Carp River Restoration Project (CRRP) Update

The CRRP project will improve the function of the Carp River while allowing development to proceed on lands near the river.

A detailed project history and summary of events can be found on the City’s website:

http://ottawa.ca/en/residents/water-and-environment/carp-river-watershedsubwatershed-study

The City and the Kanata West Owners Group (KWOG) acted as co-proponents for the environmental assessments (EAs) for Kanata West including the Carp River, Poole Creek, and Feedmill Creek Restoration, and are also funding partners for the project (KWOG-70% and City-30%).

After a lengthy process, the Minister of the Environment and Climate Change approved the EA for the Carp River Restoration Project on March 30, 2011, and the supporting modeling was subsequently validated and calibrated. The implementation of the Official Plan amendment was one of the conditions required by the Minister’s Decision dated March 30, 2011. On July 11, 2012, Official Plan Amendment (OPA) 104 was passed by City Council, which established the Carp River Restoration Policy Area. As part of the March 30, 2011 approval, the Minister specified that the project had to commence by March 30, 2013.

The project commenced prior to March 30, 2013, and associated infrastructure works crossing the Carp River in the area of the future Campeau Drive extension were constructed. Further, restoration work was undertaken in the winter of 2015 that was linked to construction of an abutting stormwater management pond. There was a delay in the balance of the project proceeding in 2013/2014 as the City and KWOG undertook a comprehensive value engineering exercise that brought the estimated costs down by over $3 million. Since that time, the design drawings have been finalized, the tender process completed and all necessary permits and approvals granted.

City and KWOG Agreement

The City and KWOG have entered into a Development and Cost Sharing Agreement for the Carp River Restoration Project, dated December 14, 2014.

Clause 2.2 (d) I of the Agreement specifies that “City Staff will confirm with City Council which Contractor is recommended for the Construction Contract and the Tendered Price in order to proceed with the Project.” In addition, prior to the awarding of the tender, KWOG must provide to the City with a list of participating landowners. They must also post the required financial securities for the project.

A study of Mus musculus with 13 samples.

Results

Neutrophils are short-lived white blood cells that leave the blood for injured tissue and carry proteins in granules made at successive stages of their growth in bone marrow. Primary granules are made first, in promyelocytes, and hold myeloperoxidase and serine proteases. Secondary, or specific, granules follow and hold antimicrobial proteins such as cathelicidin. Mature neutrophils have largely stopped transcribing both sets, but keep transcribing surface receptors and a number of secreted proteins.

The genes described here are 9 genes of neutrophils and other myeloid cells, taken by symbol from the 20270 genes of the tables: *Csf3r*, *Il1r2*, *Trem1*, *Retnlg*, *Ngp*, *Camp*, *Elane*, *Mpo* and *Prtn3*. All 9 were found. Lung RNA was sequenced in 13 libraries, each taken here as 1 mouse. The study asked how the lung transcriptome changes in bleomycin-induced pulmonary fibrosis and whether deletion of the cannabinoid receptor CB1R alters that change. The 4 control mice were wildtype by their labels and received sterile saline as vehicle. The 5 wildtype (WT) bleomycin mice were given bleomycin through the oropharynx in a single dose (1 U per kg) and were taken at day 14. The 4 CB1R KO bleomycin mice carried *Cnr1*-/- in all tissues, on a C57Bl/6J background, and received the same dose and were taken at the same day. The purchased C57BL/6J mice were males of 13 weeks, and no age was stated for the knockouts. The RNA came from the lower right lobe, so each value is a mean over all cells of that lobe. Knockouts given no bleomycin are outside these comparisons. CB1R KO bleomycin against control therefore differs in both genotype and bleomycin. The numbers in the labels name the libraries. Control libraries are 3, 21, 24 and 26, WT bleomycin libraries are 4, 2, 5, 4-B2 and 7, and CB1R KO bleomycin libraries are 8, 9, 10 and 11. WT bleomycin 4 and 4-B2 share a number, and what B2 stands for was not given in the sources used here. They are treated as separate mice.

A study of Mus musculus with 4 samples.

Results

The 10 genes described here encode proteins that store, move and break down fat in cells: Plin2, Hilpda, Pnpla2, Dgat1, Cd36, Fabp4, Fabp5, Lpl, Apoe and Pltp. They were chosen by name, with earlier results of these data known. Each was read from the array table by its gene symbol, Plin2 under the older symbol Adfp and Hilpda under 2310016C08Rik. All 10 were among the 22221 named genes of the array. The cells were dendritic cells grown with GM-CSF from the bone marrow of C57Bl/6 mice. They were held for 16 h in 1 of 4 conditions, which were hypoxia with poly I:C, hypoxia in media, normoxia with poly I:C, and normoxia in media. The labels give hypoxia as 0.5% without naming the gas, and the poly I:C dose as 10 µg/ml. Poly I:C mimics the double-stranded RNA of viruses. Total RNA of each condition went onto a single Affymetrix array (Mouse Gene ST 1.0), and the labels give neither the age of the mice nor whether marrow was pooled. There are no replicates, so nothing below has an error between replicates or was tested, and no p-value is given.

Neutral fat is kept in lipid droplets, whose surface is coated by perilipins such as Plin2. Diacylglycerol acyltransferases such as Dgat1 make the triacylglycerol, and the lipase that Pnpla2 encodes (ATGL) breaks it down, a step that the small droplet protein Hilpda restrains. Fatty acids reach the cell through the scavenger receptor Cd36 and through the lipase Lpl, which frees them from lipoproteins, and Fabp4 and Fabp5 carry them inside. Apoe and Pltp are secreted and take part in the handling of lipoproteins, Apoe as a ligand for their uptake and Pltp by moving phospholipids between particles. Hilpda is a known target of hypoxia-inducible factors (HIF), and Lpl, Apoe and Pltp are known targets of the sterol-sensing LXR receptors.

CRRP Tender Results

KWOG oversaw the tender process and is recommending that the project be awarded to Karson Asphalt Paving Inc., operating as Karson Konstruction. This company met pre-qualification requirements of the tender process and was the low bidder. The tender price from Karson was $13,181,000 including contingency. The City’s share of the tender price is 30% and therefore represents $3,954,000 of the cost. The City has received the required securities for KWOG’s share of Phase 1 costs pursuant to the agreement, and the funds for the City’s share of Phase 1 costs are also in place.

The overall project cost includes contract administration, permits and approvals, archaeological study and on site mitigation work, land acquisition, and the City’s modeling costs, which are above and beyond the tender price. The total project cost is now estimated at $18,089,000, which represents an increase of 22% from the 2013 estimate of $14,784,000. The previous total project cost of $14,784,000 from 2013 was based on a Class B Design Level estimate, which typically varies by around 15% from final cost. Inflation, higher unit excavation costs, more detailed geotechnical information, as well as archaeological costs account for the increase in cost since 2013. The City’s total share of the project is estimated to be $5,514,000, which is an increase of $1,056,400 from the current budget authority of $4,458,000.

At this point the City anticipates an additional total budget pressure of approximately $1,056,400 to be secured through the budget process in 2017 in order to be able to complete the project as required by the Ministry of Environment and Climate Change. The increase in cost is not unexpected given the amount of time that has passed since the initial 2006 EA.

Project Timing

The balance of the project will be constructed in two phases:

  • Phase 1 Richardson Side Road to Highway 417: Substantial completion by the end of 2016;
  • Phase 2 Highway 417 to Hazeldean Road: Substantial completion by the end of 2017; and
  • Project wrap up in 2018.

Should you have any further questions or concerns, please contact my office.